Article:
Lawmakers have proposed a bill that will directly undermine the Federal Reserve’s monopoly on money by treating gold and silver as legal tender.
NASHVILLE, Tenn. (TAC) – Bills introduced in the Tennessee legislature would define gold and silver specie as legal tender and eliminate sales taxes levied on it. Passage of these bills would pave the way for Tennessee residents to use gold and silver in everyday transactions, a foundational step for the people to undermine the Federal Reserve’s monopoly on money.
Sen. Steve Southerland (R-Morristown) introduced Senate Bill 978 (SB978) on Feb. 6. Rep. Rick Eldridge (R-Morristown) introduced the House companion bill (HB1323) the same day. Titled the Tennessee Legal Tender Act, the legislation would make gold and silver legal tender in the state, meaning it would be recognized as a medium of exchange for the payment of debts and taxes. Practically speaking, gold and silver specie would be treated as money, putting it on par with Federal Reserve notes in Tennessee.
Specie legal tender would be defined as:
(1) Specie coin issued by the United States government at any time; and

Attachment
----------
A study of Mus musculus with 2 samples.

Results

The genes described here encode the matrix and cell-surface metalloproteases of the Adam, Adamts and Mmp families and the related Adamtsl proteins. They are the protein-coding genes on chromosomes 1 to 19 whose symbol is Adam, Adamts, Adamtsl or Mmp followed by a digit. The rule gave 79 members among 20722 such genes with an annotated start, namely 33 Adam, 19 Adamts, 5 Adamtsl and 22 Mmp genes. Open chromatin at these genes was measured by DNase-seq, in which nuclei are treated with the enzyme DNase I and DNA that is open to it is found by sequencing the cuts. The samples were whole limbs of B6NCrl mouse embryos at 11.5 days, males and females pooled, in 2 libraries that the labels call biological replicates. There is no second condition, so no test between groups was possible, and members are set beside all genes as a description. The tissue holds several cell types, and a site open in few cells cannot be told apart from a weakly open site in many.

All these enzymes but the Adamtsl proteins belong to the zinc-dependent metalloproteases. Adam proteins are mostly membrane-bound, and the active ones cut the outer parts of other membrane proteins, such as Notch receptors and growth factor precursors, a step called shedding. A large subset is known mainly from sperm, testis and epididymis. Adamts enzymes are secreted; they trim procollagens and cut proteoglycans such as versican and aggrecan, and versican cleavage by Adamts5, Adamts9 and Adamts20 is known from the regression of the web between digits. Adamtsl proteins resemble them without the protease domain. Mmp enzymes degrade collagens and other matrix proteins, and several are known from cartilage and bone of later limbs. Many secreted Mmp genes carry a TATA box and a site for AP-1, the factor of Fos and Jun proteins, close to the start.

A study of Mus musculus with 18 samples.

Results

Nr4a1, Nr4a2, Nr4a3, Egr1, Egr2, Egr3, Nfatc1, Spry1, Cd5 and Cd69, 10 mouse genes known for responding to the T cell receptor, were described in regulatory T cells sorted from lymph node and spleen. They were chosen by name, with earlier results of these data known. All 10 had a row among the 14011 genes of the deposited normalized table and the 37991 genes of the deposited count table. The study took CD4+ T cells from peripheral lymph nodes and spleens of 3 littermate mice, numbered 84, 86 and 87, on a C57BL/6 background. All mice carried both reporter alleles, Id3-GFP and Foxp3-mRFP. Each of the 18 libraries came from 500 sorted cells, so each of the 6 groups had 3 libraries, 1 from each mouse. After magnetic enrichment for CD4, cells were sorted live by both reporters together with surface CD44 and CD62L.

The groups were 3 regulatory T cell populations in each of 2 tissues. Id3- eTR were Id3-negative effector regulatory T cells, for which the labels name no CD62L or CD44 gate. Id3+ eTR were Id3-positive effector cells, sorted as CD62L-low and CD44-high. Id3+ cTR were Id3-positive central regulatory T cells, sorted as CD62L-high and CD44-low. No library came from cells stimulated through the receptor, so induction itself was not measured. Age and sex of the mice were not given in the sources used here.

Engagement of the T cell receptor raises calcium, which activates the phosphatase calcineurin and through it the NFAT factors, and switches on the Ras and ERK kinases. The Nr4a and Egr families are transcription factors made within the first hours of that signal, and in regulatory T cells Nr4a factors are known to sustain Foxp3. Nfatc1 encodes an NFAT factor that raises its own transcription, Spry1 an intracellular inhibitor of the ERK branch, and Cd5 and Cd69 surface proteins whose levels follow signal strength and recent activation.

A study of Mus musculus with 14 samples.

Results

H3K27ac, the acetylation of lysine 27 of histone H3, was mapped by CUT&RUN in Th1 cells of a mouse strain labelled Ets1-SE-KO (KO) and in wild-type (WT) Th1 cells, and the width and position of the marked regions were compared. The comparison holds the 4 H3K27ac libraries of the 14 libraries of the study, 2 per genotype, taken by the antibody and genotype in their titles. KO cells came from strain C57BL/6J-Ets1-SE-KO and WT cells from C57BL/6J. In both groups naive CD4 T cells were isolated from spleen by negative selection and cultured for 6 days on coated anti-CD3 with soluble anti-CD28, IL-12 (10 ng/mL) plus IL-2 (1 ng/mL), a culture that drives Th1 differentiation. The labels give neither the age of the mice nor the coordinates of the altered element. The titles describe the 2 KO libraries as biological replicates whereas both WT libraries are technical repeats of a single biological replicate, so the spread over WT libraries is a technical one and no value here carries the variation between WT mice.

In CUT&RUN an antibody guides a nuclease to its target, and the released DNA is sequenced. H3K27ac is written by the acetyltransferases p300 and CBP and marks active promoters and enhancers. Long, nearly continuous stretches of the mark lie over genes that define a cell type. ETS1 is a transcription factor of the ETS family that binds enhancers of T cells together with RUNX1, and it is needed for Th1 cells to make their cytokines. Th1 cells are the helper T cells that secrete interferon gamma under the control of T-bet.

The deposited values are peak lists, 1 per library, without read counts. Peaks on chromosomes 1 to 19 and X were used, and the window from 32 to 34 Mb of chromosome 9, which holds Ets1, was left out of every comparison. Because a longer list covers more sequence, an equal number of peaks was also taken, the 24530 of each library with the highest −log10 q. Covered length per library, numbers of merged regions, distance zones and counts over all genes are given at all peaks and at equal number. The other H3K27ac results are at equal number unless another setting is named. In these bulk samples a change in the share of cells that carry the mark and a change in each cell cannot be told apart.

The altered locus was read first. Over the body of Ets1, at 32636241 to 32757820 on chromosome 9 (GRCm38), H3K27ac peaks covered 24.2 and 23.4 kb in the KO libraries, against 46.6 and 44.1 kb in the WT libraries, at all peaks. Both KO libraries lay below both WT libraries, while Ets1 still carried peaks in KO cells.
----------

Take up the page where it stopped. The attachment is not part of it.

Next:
(2) Any other specie that a court of competent jurisdiction, by final and unappealable order, rules to be within state authority to make or designate as legal tender.
By allowing the court to designate additional specie to be used as legal tender, Tennessee could free its citizens from potential supply constraints imposed by the use of only United States minted gold and silver coin. More importantly, the people of the state of Tennessee would be able to define what specie is considered constitutional tender, further distancing themselves from potential control of their competing currency by Washington D.C.
SB978/HB1323 would also repeal the state sales tax on gold or silver specie.
With the passage of SB978/HB1323, Tennesse would take a step toward treating gold and silver specie as money instead of a commodity. As Sound Money Defense League Policy Director Jp Cortez testified during a committee hearing on a similar bill in Wyoming last year, charging taxes on money itself is beyond the pale.